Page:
Everyone needs to start paying attention to this crisis, because America’s rapidly growing bird flu pandemic is going to deeply affect all of us at the grocery store. This pandemic began on February 8th when a confirmed case of HPAI was confirmed in a domestic flock, and on March 9th I published an article that discussed the fact that nearly 2.8 million birds (mostly chickens and turkeys) had already died. If the pandemic had fizzled out after that first month, it wouldn’t have ultimately been a major deal. But instead, this pandemic has escalated dramatically here in the second month. If cases continue to spread like wildfire, we will soon be facing a nightmare of absolutely epic proportions.
On Friday, I was stunned to learn that an outbreak of bird flu at an egg-laying farm in Iowa is going to result in the culling of over 5 million chickens…
The confirmation of bird flu at another Iowa egg-laying farm will force the killing of more than 5 million chickens, state officials said Friday.
It’s the second confirmed case of avian influenza in Buena Vista County, about 160 miles (257 kilometers) northwest of Des Moines, but the latest outbreak is at an operation with 5.3 million chickens. The earlier case was at a farm with about 50,000 turkeys.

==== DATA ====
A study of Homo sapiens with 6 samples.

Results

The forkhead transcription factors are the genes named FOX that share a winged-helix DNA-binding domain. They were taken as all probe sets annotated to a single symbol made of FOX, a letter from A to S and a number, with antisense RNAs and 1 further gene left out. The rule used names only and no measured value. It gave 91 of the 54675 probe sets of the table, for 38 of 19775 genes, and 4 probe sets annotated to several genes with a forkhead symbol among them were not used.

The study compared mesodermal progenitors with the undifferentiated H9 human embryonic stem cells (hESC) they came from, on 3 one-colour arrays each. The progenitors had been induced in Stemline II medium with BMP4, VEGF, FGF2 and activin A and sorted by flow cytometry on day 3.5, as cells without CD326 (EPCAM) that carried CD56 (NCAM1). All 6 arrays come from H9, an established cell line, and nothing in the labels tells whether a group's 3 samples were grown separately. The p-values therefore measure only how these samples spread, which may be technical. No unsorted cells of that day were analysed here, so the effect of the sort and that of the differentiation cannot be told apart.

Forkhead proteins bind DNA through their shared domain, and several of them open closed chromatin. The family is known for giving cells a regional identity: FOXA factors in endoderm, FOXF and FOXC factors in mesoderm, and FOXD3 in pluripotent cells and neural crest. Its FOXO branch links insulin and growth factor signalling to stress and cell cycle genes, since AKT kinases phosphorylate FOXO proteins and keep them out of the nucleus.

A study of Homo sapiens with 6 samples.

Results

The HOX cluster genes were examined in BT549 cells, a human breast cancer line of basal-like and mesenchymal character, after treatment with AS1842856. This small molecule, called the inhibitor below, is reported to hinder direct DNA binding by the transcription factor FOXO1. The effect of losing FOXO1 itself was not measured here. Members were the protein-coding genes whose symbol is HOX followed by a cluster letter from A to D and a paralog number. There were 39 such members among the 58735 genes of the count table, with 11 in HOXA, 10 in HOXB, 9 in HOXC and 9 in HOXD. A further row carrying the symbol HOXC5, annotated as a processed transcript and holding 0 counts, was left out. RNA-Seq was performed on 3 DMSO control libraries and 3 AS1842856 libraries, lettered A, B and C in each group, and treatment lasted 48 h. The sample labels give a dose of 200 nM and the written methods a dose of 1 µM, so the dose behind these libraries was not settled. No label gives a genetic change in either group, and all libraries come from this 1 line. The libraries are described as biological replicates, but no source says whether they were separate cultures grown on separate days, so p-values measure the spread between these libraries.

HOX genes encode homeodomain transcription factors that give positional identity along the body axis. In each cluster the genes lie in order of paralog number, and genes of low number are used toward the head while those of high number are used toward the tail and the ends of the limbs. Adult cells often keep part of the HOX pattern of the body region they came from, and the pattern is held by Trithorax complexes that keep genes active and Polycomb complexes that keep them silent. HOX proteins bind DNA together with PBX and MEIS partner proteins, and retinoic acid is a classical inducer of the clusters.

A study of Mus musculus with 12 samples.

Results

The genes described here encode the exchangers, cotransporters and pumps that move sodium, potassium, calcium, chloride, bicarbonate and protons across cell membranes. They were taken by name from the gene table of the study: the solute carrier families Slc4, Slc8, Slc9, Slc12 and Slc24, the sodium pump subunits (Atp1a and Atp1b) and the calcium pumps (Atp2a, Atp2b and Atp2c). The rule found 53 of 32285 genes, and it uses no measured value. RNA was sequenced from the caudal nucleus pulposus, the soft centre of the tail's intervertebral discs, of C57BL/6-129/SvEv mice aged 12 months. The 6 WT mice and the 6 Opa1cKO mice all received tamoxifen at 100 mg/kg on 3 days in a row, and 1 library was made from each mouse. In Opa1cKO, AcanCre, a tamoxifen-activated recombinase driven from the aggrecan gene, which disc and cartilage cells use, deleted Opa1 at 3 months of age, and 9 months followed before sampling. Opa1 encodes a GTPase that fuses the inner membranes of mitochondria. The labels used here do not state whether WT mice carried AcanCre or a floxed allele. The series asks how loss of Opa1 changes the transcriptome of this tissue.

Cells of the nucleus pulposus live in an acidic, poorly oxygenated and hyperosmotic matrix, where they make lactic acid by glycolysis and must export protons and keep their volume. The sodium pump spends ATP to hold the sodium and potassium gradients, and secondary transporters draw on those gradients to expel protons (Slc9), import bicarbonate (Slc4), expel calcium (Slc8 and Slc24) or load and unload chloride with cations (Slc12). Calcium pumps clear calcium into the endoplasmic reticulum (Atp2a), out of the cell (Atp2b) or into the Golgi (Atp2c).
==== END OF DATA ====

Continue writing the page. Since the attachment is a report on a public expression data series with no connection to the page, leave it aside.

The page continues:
Just think about that.
Five millions chickens suddenly gone.
What do you think that is going to do to the price of eggs?
This pandemic originally erupted in states on the east coast, but now it is really raging in the middle of the nation.
For example, HPAI just spread to two more counties in Kansas…
State officials say a strain of bird flu has shown up in two more Kansas counties.
The Kansas Dept. of Agriculture announced Friday that samples show cases of highly pathogenic avian influenza (HPAI) in two non-commercial backyard mixed-species flocks (poultry), one in Dickinson Co. and the other in rural Sedgwick Co.
And HPAI has just been confirmed at more facilities in South Dakota…
Officials in South Dakota said on Saturday that 85,000 birds in two state facilities were euthanized amid the state’s first avian flu outbreak since 2015.
The outbreaks took place on two farms in Charles Minx county, located in the southeastern part of the state, where the flu was first detected in turkeys, according to South Dakota Public Broadcasting (SDPB). Other birds in close contact with the turkeys were euthanized as well.
Make sure that you are sitting down for what I am going to share with you next.
After the first month, the death toll from this pandemic was sitting at approximately 2.8 million.
The latest case confirmed by the state Department of Agriculture means nearly 12.6 million chicken and turkeys in at least eight states have been killed or will be destroyed soon.